Hong Kong (CNN) -- Sightseeing cruises to China's newest city, Sansha, located on a disputed island in the South China Sea are set to commence this month, according to a Chinese official.
The move is certain to add to the dispute over sovereignty claims to the area.
Woody Island, known as Yongxing Island in Chinese, has a population of around 1,000 -- including military personnel. It is 300 kilometers southeast of Hainan and was established as China's latest prefecture last June.
The city of Sansha has the smallest land area but the biggest sea area in China.
Sansha's government has been set up to administer the Spratly Islands (Nansha Islands), the Macclesfield Bank (Zhongsha Islands) and the Paracel Islands (Xisha Islands) -- which include Woody Island.
The islands are partly claimed by Vietnam, Malaysia, the Philippines, Brunei and Taiwan.
The cruise tour statement is a sign China is bolstering its claim to the territory.
Visitors would not be allowed to stay on the island. Instead, cruise-goers would eat and sleep onboard and would only do sightseeing on the island, said Hainan deputy governor Tan Li at press conference at the annual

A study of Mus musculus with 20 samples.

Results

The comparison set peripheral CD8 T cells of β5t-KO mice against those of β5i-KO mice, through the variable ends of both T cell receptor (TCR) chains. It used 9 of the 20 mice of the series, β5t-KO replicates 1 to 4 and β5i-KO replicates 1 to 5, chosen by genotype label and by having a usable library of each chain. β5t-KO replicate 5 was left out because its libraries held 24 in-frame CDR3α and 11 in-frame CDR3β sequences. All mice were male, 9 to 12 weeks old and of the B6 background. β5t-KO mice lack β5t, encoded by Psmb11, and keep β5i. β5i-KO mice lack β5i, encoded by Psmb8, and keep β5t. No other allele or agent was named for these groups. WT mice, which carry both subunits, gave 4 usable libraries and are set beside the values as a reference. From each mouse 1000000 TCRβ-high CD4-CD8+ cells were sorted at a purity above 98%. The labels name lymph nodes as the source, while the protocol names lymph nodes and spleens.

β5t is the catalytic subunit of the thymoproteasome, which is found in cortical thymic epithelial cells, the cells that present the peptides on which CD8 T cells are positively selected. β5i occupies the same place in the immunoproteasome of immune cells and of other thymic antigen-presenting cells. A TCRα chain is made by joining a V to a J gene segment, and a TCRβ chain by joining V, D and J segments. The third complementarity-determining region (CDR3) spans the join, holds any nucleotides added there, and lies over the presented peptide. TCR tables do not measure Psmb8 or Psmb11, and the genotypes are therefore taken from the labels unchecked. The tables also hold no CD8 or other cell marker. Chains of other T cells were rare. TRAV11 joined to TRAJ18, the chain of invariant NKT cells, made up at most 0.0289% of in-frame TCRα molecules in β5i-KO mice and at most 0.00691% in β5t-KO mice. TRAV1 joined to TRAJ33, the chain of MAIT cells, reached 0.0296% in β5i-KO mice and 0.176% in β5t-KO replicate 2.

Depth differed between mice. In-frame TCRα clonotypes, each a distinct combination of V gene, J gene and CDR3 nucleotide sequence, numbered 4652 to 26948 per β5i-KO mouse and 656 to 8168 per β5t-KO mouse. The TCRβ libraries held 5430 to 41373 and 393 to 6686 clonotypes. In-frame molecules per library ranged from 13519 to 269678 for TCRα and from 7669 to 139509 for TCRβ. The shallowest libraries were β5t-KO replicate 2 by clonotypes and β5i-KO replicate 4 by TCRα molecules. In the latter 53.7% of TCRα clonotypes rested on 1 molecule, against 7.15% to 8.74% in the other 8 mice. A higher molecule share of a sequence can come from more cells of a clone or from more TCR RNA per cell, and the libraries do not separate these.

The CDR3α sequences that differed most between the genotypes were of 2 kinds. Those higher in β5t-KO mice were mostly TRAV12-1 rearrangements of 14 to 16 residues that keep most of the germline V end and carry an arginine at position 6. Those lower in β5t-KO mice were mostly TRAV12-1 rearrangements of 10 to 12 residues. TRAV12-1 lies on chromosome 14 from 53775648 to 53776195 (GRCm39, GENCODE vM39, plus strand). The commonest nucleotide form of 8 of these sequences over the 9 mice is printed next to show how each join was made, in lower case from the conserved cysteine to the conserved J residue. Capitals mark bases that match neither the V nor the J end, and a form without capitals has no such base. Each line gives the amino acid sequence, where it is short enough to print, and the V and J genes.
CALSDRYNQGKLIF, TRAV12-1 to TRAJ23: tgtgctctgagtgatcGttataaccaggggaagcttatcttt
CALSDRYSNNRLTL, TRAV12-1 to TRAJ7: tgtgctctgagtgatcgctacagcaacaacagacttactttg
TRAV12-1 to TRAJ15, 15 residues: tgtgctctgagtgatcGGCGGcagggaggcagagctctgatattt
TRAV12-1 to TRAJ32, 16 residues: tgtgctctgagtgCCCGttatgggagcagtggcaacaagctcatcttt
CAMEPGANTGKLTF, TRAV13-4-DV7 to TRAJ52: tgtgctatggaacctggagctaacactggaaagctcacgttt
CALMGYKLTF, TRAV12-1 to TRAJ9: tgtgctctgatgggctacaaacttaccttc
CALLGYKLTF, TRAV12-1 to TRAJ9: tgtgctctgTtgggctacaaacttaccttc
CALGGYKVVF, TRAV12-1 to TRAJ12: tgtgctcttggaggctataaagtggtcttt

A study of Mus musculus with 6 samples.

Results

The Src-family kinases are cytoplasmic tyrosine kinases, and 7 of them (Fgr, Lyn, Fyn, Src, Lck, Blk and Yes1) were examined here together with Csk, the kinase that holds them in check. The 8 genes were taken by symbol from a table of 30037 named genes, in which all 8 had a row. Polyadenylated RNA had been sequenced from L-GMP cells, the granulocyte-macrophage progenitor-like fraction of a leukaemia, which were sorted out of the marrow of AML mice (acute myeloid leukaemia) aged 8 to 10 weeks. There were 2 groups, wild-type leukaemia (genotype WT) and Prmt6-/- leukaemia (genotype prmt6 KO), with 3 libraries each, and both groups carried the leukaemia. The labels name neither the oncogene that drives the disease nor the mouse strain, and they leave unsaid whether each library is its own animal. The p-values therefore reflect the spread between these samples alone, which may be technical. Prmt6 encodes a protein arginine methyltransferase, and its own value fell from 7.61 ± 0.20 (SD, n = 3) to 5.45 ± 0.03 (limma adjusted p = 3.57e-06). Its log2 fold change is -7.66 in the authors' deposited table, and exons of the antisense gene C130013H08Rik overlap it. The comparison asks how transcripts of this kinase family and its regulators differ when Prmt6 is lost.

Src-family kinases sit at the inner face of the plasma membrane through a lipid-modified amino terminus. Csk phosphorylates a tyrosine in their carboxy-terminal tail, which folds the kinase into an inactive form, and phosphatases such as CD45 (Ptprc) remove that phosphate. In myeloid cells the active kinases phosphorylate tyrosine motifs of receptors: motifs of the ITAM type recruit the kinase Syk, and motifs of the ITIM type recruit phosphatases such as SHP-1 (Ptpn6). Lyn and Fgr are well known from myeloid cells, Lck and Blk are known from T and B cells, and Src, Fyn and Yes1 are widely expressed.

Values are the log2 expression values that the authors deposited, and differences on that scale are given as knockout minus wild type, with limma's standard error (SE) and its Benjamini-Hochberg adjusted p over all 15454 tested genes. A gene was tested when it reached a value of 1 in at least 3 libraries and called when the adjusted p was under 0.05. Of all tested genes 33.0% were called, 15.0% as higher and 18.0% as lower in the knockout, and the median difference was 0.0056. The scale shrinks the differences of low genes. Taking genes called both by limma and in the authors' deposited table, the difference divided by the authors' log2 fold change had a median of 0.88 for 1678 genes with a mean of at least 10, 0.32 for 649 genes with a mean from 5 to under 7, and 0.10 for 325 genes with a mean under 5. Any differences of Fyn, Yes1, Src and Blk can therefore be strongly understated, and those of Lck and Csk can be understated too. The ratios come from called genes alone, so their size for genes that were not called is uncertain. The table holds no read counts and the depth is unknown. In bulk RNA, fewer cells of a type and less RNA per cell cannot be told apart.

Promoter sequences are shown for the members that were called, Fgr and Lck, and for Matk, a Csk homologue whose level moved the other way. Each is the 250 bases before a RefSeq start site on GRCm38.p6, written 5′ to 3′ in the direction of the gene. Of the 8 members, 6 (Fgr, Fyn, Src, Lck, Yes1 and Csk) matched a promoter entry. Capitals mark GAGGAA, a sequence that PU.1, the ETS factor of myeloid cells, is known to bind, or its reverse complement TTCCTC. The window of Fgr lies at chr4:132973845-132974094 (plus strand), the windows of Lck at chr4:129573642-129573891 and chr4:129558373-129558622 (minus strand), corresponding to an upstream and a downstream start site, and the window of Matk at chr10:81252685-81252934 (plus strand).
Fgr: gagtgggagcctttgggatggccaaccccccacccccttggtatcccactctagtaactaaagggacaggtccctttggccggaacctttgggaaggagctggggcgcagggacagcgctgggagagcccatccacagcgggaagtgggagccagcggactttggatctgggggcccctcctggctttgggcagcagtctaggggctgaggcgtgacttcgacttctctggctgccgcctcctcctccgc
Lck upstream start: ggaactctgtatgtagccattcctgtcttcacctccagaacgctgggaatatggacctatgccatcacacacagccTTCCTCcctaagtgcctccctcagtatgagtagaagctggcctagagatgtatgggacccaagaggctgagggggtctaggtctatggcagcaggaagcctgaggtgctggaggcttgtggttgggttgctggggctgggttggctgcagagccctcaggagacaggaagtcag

Boao Forum for Asia at the weekend.
"We have started the planning and development of Sansha, including basic infrastructure, at full speed," Tan was quoted as saying by state-run Xinhua News Agency (Chinese).
"Sansha's sightseeing routes, scenic spots and docking locations have been confirmed. We are hoping to begin [the cruise operation] before May 1."
Some 12 projects, including a berth for larger supply ship, fresh water supply, sewage and garbage treatment facilities are still under development in Sansha.
The first phrase of Yongxing Pier has completed and begun trial operation. When completed, it's believed that the route would be served by the 223-meter cruise Henna, according to Hong Kong media.
Sansha's first mayor, Xiao Jie, said last month the development and improvement of Sansha city will strengthen China's sovereignty of the islands.
Xiao said that the priority would be conservation of the natural habitat, according to the state's travel network, The Travel Channel.